KINGSTON, Jamaica, February 13, 2019 (CMC) – The Jamaica government says “good progress” has been made in negotiating the repurchase of the 49 percent shares, owned by the Venezuelan company, PDV Caribe, even as it tabled legislation to ensure the takeover would be debated in the Parliament at its next sitting.
Yesterday, Prime Minister, Andrew Holness, tabled a Bill, “The Compulsory Acquisition (Shares in Petrojam Limited) Act, 2019”, in the House of Representatives.
The Bill aims to retake ownership of the 49 percent shares in Petrojam that are held by the Venezuelan State-owned oil and natural gas company, Petróleos de Venezuela (PDV) Caribe.
Foreign Affairs and Foreign Trade Minister, Kamina Johnson Smith, who is heading the government’s negotiating team, said PDV had accepted a settlement price offer, agreed on by the parties, following “serious” discussions over the last few weeks.
“To date, however, we have not been able to reach an agreement on the terms. So the work towards a negotiated agreement continues,” she said.
PDV Caribe, an affiliate of the state-owned Petroleos de Venezuela S.A., and the Petroleum Corporation of Jamaica (PCJ) entered into a joint venture agreement, which resulted in the sale of PetroJam shares, in August 2006 and February 2007, respectively.
The agreement had called for the upgrading and expansion of the refinery to improve its competitiveness and meet local and international market demands, but Johnson Smith said, last month, that these objectives were not met and that this poses a risk to the economy.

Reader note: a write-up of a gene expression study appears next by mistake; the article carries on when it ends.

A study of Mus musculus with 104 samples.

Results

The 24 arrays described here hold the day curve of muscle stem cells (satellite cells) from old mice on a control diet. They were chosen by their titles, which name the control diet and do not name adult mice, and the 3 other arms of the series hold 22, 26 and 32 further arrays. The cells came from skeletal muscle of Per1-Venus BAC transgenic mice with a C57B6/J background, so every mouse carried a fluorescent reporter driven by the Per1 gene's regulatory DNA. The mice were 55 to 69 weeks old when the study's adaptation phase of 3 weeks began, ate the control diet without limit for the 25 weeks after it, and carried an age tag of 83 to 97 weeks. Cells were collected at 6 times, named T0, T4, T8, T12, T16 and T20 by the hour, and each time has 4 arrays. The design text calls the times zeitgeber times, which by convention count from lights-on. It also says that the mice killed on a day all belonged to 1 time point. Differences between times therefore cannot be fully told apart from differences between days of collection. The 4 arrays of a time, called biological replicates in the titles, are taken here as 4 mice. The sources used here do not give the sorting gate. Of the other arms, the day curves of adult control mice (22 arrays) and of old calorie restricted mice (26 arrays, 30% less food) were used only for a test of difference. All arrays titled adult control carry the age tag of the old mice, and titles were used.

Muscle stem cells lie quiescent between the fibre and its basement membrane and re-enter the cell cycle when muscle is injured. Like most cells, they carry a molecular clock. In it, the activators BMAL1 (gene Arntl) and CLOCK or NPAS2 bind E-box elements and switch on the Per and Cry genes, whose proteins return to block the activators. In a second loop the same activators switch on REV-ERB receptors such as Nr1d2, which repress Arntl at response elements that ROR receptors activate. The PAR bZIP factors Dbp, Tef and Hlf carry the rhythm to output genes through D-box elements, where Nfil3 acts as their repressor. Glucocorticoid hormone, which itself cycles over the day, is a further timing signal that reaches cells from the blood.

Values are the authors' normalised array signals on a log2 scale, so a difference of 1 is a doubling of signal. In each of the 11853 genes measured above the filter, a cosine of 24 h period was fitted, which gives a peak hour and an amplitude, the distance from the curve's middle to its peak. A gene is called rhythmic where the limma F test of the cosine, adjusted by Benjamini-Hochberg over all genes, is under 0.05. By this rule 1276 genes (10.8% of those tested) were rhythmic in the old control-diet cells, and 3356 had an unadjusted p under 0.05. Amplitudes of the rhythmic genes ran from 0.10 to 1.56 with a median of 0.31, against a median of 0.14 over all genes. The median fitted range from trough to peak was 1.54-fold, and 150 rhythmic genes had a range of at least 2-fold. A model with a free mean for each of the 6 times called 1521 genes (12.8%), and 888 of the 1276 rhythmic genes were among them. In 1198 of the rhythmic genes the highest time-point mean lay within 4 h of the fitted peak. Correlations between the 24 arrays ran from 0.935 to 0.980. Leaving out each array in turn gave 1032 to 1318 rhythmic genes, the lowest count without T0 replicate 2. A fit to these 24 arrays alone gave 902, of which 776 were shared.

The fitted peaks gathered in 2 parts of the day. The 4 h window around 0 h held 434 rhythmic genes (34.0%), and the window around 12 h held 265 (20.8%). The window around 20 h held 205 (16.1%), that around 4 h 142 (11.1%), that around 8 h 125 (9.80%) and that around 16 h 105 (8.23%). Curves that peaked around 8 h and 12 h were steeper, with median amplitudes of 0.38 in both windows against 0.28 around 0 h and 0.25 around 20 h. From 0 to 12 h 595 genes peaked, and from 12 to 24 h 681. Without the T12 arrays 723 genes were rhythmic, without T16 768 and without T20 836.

Johnson Smith reiterated that the government’s decision to repurchase the shares is based on the need to safeguard the country’s interests, particularly in light of increasing sanctions against the Nicolas Maduro administration in Venezuela, by the United States.
The Foreign Affairs Minister said the situation has created unease among the refinery’s financial partners and suppliers, which, she indicated, “started taking precautionary measures to ensure they are not in breach of the sanctions, by doing business with Petrojam.
“Unsurprisingly, not only have [they] started posing questions about the impact of the new Executive Order but, in some respects, have requested indemnities of the company, as a basis for continued services,” she added.
Johnson Smith advised that while Petrojam is not a sanctioned entity under the President Donald Trump’s Executive Orders, “the ownership structure of the Petrojam refinery now poses a risk for Jamaica’s energy and for our economy and, accordingly, the Jamaican people”.
She added, this could also pose a challenge for programmed undertakings, citing issues arising, with phase-one implementation of the Vacuum Distillation Unit project, as an example.
“The reality is that as a responsible government, it is important that we act to protect Jamaica’s energy security and the interest of the Jamaican people,” she added.
Johnson Smith said Prime Minister Andrew Holness will lay in Parliament, next Tuesday, the “Act to Provide for the Compulsory Acquisition of the Shares Held by PDV Caribe in Petrojam and for Connected Matters,”
Johnson Smith said consequent on the imminent tightening of the sanctions and the risk they pose, “we must take action, even as we pursue a negotiated settlement”.
“We have, therefore, written to PDV Caribe to advise them [that] we remain open to reaching a negotiated agreement, and to express, once more, that this is not a hostile step, but is one which asserts the interest of the Jamaican people,” she added.